Past Monday (May 21) a group of people, ostensibly US based supporters of the current opposition party in Bangladesh, held a demonstration before the White House complete with banners claiming that democracy and freedom were at risk in Bangladesh. I do not know if the organizers expected an immediate phone call from the White House to the Bangladesh Prime Minister to raise any alarm; but the passers-by were amused by yet another gathering of motley protesters in front of the White House.
A few days before another group of US based Bangladeshis, supporters of the government party, met in a gathering in New York to honor a visiting Bangladeshi MP (government party) where speakers termed current actions of the opposition as a deep conspiracy to overthrow the government. Fortunately there was no gathering of the opposition loyalists nearby, or there could have been a showdown. Interestingly, this meeting took place on the heels of a meeting by the opposition loyalists in the same city in honor of a visiting opposition leader where the government was accused of taking oppressive and heavy handed actions against the opposition.
Earlier this month the government party loyalists met in a delegation to a US Congressman, who happens to be the chair of Bangladesh Caucus in the Congress. The occasion was used by the delegation as reported to the press to express its concern on possible return to politics of Bangladesh by some individual suspected of corruption. No sooner this visit ended the other group belonging to the opposition met the same Congressman in a separate delegation to give him their side of concerns. I do not know if the two visits enlightened the Congressman on the current state of politics of Bangladesh, or left him further confused.
Protest and counter protest meetings by loyalists of both parties based in the USA can be understood given the nature of acrimony that one party bears against another in the home country. But the party loyalists take their bickering to another level when they field demonstrations replete with slogans and banners when the leaders of any of the two parties visit here. Last year when the leader of the opposition arrived in USA, the supporters of the government party held demonstrations against her when the party loyalists gathered to greet her. Exactly the same happened when the current Prime Minister visited New York, to the extent that law enforcers had to intervene in the confrontations between the two groups of supporters. In other words we have a microcosm of political intolerance and bickering created here in the USA by transplants from back home. At least this is the image we are building for ourselves abroad.
With growth in the number of Bangladeshi population abroad, what we are witnessing also is a parallel growth in the number of branches of home based political parties—chiefly the two main parties. Every major city in the USA will invariably have local branches named after the two parties. Sometimes that is not all. Internecine quarrels for leadership would also lead to division within the party and creation of factions, each claiming that it has the blessing of the leader of its party. There are full page advertisements in Bengali tabloids published locally announcing meetings and counter meetings of the factions. What is most puzzling is that our national leaders openly patronize these local branches, and attend gatherings held in their honor. I wonder if they think that the US is an extended constituency for them, and the US based loyalists are their party workers who will deliver them crucial votes.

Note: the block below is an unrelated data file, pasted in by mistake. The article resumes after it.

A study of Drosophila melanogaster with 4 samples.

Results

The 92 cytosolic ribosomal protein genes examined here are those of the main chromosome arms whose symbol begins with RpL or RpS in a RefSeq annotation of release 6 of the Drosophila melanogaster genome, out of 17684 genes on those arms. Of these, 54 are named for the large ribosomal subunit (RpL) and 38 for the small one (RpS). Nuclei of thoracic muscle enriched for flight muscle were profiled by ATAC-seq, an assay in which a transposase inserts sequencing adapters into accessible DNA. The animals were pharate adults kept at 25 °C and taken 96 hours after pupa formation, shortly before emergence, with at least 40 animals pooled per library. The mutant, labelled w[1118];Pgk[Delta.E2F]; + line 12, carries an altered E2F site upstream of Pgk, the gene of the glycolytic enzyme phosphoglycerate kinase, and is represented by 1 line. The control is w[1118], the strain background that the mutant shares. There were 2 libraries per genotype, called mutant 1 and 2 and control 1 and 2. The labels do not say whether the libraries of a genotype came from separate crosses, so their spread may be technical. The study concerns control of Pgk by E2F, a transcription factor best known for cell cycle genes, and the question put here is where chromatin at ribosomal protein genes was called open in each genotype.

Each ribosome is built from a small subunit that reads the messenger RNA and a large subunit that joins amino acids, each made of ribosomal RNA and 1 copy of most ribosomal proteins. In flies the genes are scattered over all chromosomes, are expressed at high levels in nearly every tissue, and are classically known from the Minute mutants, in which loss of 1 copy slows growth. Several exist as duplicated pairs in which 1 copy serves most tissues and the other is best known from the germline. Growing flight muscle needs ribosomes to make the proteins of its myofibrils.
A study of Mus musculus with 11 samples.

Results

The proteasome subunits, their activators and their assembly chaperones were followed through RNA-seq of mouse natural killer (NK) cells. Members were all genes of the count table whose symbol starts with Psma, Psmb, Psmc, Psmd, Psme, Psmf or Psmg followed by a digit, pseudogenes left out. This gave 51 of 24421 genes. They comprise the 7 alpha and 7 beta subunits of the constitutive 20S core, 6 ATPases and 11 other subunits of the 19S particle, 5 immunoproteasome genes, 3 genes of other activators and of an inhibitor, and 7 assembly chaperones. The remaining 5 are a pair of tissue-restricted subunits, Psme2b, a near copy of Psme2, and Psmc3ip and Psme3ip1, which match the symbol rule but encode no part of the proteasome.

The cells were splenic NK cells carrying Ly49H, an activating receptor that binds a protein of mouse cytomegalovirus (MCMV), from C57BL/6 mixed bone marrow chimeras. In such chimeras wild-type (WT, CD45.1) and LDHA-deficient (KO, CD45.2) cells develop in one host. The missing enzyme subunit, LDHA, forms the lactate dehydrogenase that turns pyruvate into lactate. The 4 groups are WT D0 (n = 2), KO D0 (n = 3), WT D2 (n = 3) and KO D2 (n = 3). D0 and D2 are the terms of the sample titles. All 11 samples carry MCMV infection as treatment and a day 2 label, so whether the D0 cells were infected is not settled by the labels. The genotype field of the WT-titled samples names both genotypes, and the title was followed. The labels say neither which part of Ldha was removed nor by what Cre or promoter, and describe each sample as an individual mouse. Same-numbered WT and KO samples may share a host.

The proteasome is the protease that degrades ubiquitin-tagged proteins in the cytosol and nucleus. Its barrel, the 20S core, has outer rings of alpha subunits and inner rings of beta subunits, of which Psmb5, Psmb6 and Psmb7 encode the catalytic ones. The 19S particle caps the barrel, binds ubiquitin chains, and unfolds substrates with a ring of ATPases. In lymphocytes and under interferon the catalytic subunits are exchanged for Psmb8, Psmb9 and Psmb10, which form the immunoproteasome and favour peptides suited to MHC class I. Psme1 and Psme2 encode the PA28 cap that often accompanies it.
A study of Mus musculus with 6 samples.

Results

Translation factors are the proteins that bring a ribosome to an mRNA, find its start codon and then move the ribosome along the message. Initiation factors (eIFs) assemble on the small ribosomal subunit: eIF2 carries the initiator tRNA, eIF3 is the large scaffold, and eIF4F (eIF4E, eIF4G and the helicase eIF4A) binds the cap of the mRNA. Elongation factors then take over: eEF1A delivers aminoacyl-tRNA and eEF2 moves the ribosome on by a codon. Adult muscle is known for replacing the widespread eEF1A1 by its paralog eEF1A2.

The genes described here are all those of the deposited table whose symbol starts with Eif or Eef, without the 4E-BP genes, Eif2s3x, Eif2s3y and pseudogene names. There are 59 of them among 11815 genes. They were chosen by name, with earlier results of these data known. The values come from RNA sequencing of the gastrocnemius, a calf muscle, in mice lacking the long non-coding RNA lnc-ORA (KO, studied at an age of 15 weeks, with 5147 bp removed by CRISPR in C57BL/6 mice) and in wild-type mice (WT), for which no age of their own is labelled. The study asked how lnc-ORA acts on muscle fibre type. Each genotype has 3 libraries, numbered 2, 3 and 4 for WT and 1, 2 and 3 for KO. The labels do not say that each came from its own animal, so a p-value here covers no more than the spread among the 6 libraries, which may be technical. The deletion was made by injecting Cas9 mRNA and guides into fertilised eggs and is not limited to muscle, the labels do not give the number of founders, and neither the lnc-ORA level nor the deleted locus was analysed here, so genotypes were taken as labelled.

No other country in South Asia has such a plethora of branches of home based political parties abroad except Bangladesh. To my knowledge the Indian Congress has an Overseas Association in the USA, and so has Bharatiya Janata Party. But the main purpose of these Associations is to lobby for Indian national causes with US Congress and US private sector. Pakistan also has very centralized US Associations of the two main political parties back home to pursue similar objectives. It is only in the case of Bangladesh citizens abroad that we see associations by the dozen for one or the other of the two major parties, created with only objective—to fight each other over issues back home.
Many years ago a political leader of Bangladesh who had held high office during Bangabandhu’s time came on a private visit to the USA. The political leader’s party was out of power that time. A group of people, who had set up a local branch of the party came to see the political leader and asked him to attend a gathering. The political leader declined to attend, and advised them that they (the supporters) could better support the cause of Bangladesh by involving themselves in US politics, and joining public office in the localities they live.
I wish our Bangladeshi population here could adhere to the sane advice of a political leader from their own country. I wish they would stop mimicking the perfidious and dishonest politics at home, and stop creating microcosms of national politics abroad. If we want to enter politics there are better ways to do so and this can start by helping the localities where we live. If we want to serve the country that we have left behind, there are better ways to do so. This can start by creating a better image about ourselves abroad.